Using books to prime behavior

post by ryan wong (ryan-wong) · 2020-07-25T05:59:54.274Z · LW · GW · 4 comments

    mr-hire
    Rudi C

My purpose for reading has shifted from "I want to learn this" to "I want to use this to prime my behavior".

After years of consuming psychology, business management and generally "how-to" books(as opposed to "what" books), I've learnt that I will only have gotten something tangible out of the book if it changes my behavior. If some of my mental framework(with regards to eg social interaction, persevering in hard workouts or challenging problem sets etc) shifts and I'm acting in a different way than before.

This works especially for biographies. When reading about someone I emulate, I tend to step into his/her shoes and adopt his/her mental disposition for a trait I'm weak in, or a similar problem I'm trying to solve in my daily life.

Problem is, this priming doesn't last for long. After a week or two the effects tend to be diminished. All the accumulated knowledge of "stand up confidently straight as if you were being pulled at the crown of your head by a string from the ceiling", or "the mind is like a muscle too, and can be trained by effortful focus" tend to fall prey to the forgetting curve.

This might be a sign that the knowledge has become unconscious, implicit. It would however be nice if I can consciously feel that I'm using it that so as to motivate further efforts.

One can used spaced repetition techniques to shift hard facts to long-term memory. My question is, how can a similar thing be done for soft skills and mental frameworks?

Answers

answer by algon33 · 2020-07-25T12:25:30.529Z · LW(p) · GW(p)

You can use them for practicing techniques. Have cards which say: use X technique today. You need to actually do that rather than spend 1 minute thinking about it. Which is suprisingly hard. I suspect it works much better if you have some system to guide you in generating new ideas e.g. Zettlekasten. I suspect it could be even better if the method was incorporated into the software itself. Maybe create links between cards as well, and have some repititions where you explore the graph surrounding a card?

I'm also unsure if the spaced repition timings are optimal for drilling techniques. Does anyone know the relevant literature?

comment by ryan wong (ryan-wong) · 2020-07-26T05:43:37.497Z · LW(p) · GW(p)

Yes that does sound like a promising system for retaining useful techniques. Will try it out.

answer by mr-hire · 2020-07-26T13:22:54.392Z · LW(p) · GW(p)

For skills, I created software that reminds me to practice the skill using spaced repetition.

When the skill comes up, the program prompts me to practice  that habit in one of a couple of ways:

  1. Mindfulness - I create a reminder about that habit that day, and use that to remember.
  2. Visualization - I use one of the "habit installer audios" I have to go through visualization exercises of me using the habit.
  3. Deliberate Practice - I create a specific period of time where I'm doing a bunch of tasks that specifically require that habit.
  4. Conscious Practice - I set aside like an hour where I find any excuse to use the habit.

This allows me to gradually get better at using the habit.

For mental frameworks, I do something I call progressive expansion in Roam Research. I use the Roam Toolkit to set different models on a spaced repeitition schedule. Then, instead of testing myself when they come up, I try to expand on them in one of the 4 following ways:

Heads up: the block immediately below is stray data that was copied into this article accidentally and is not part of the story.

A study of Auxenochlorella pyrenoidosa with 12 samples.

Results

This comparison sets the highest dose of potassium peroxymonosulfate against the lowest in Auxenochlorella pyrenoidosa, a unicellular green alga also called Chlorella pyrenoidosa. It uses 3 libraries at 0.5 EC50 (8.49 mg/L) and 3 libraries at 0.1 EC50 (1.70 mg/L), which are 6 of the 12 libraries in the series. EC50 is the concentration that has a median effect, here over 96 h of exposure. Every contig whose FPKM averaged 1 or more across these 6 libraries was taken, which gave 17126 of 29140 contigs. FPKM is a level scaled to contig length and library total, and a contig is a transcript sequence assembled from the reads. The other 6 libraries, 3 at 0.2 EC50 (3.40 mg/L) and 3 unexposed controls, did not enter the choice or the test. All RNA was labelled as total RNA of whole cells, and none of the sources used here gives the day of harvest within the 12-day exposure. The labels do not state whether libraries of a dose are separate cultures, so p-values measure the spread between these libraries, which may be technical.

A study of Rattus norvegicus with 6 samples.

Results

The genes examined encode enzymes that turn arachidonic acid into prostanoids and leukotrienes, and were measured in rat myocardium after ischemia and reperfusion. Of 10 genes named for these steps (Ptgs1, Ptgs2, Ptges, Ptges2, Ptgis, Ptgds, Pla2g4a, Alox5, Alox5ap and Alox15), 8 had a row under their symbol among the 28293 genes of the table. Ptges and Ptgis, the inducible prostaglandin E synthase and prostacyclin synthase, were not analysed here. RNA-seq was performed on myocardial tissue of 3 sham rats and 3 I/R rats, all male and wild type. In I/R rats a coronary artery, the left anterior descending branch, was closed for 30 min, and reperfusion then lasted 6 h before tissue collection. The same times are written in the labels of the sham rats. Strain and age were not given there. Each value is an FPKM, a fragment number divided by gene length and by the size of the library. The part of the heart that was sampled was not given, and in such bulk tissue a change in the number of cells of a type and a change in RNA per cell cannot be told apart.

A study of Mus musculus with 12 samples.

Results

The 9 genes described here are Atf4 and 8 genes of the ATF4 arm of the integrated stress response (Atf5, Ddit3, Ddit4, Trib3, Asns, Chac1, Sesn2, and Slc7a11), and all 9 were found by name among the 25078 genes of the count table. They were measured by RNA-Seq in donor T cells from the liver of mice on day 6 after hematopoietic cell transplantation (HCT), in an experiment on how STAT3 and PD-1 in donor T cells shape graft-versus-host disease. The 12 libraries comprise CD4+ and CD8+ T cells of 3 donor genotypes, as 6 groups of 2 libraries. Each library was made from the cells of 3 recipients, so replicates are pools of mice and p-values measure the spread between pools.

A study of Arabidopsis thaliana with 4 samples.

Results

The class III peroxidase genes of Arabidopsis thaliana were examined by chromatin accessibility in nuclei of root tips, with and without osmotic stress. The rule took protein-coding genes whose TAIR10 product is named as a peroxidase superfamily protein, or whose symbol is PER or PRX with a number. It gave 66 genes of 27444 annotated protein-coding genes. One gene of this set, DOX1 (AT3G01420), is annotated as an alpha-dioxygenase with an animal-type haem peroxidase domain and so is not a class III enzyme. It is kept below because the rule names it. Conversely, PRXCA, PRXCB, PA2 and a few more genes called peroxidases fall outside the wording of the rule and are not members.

1. Elaboration: How is this similar to other mental models I have?
  2. Distinctiveness: How is this different from other mental models I have?
  3. Application: How can I apply this mental model to things I'm doing right now? How could I have used it in the past?
  4. Questions: What questions do I have about this model?

This does two things. First, it ensures I'm creating new neural connections to the model, which means it will come up more in my thinking. Second, I'm creating new Roam links to the model, which ensures it will come up more in my Roam databse.

answer by Rudi C · 2020-07-25T14:11:53.594Z · LW(p) · GW(p)

My own suspicion in these cases is that these techniques don't work and are unsustainable hacks that temporarily shift the equilibrium of my thought. Or perhaps they do work but the mind adapts to them (like drugs) and so they'll lose their usefulness. After all, I don't forget useful things that I commonly use. even when they become implicit knowledge, I can still feel that the implicit skill is there and see its results.


What books?

comment by ryan wong (ryan-wong) · 2020-07-27T02:28:57.780Z · LW(p) · GW(p)

Primarily biographies(to see how the world looks like from someone whom you admire), business, and psychology books. These tend to provide techniques that seem unusually enlightening at the start, but require conscious application over the long term for one to reap real benefits.

comment by thesilvermen · 2020-07-26T19:04:48.574Z · LW(p) · GW(p)

This seems like an awful way to read. Do you go to art museums to train your eyeballs? Do you flavor your meals so that your tongue will know the difference between spices? Why does your reading need any purpose, at all? What is the purpose of breath?

comment by ryan wong (ryan-wong) · 2020-07-27T02:23:39.225Z · LW(p) · GW(p)

Good question. I used to read for the love of books and building a fictional world in my head. I do enjoy that from time to time now, but the nature of the value I derive from reading has shifted.

Using your analogy, it's just that instead of frequenting art museums like I had before, now I have expanded my interests to business presentations, hackathons. Both generally provide audiovisual material, but we go to each of them for very different reasons.